So, have you given homework yet? Have you established a policy about homework? Is there a district or school mandate on homework?
This is such a controversial topic. Parents want more and more homework for their children. Teachers spend a lot of time preparing and then grading homework. Is it necessary? I have read so many articles which support the need for homework and then other articles which have said homework makes no difference in students' performances.
I would like to share with you my belief and practice in regard to homework. I believe, and please know that this is my belief based on 34 years of teaching experience and readings, that homework in the grades K-3 does not make a difference in a student's performance in the classroom. For students at these grade levels, I believe it is more important for them to read each night or to be read to. If you do decide to give homework at K-3 level, keep in mind that it should not take the child more than 10 minutes to do it. In grade 4, students should have no more than 15 minutes of math work and then 15-20 minutes of reading each night. In grades 5-6, students should have 50-60 minutes of homework. Harris M. Cooper, professor of education at Duke University and author of "The Battle Over Homework: Common Ground for Administrators, Teachers and Parents," says that 1 hour to 90 minutes of homework for middle school students and 2 hours for high school students can be associated with greater academic achievement.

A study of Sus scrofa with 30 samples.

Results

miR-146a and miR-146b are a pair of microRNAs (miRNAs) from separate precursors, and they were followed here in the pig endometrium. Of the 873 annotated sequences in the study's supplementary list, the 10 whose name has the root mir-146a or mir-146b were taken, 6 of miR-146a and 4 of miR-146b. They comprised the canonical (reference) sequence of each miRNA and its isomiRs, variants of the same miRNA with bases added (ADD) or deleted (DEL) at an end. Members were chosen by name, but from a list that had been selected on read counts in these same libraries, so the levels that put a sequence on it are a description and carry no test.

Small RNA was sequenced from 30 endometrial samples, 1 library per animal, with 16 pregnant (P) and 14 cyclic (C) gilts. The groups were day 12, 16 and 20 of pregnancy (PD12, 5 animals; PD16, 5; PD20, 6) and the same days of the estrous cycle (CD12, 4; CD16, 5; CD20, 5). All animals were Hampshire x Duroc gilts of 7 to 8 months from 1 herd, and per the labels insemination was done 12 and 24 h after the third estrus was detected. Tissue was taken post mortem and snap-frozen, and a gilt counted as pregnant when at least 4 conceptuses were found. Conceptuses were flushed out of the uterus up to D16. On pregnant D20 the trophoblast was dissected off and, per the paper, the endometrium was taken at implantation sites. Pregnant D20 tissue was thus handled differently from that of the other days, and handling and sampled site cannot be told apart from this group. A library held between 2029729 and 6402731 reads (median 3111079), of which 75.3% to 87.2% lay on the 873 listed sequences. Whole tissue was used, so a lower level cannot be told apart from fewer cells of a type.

Homework should be purposeful, not busy work. This is going to take time and effort from the teacher. Also, grading of the homework should have meaning and help the student to move forward in their learning. Again, this will take time and effort from the teacher. Students know when they have been given busy work and when it is not going to make a difference in their final grade.
I hope this has given you something to think about as you plan that next homework assignment or think through your homework policy.
Please share this link with colleagues and friends. If you haven't already, consider becoming a "Follower".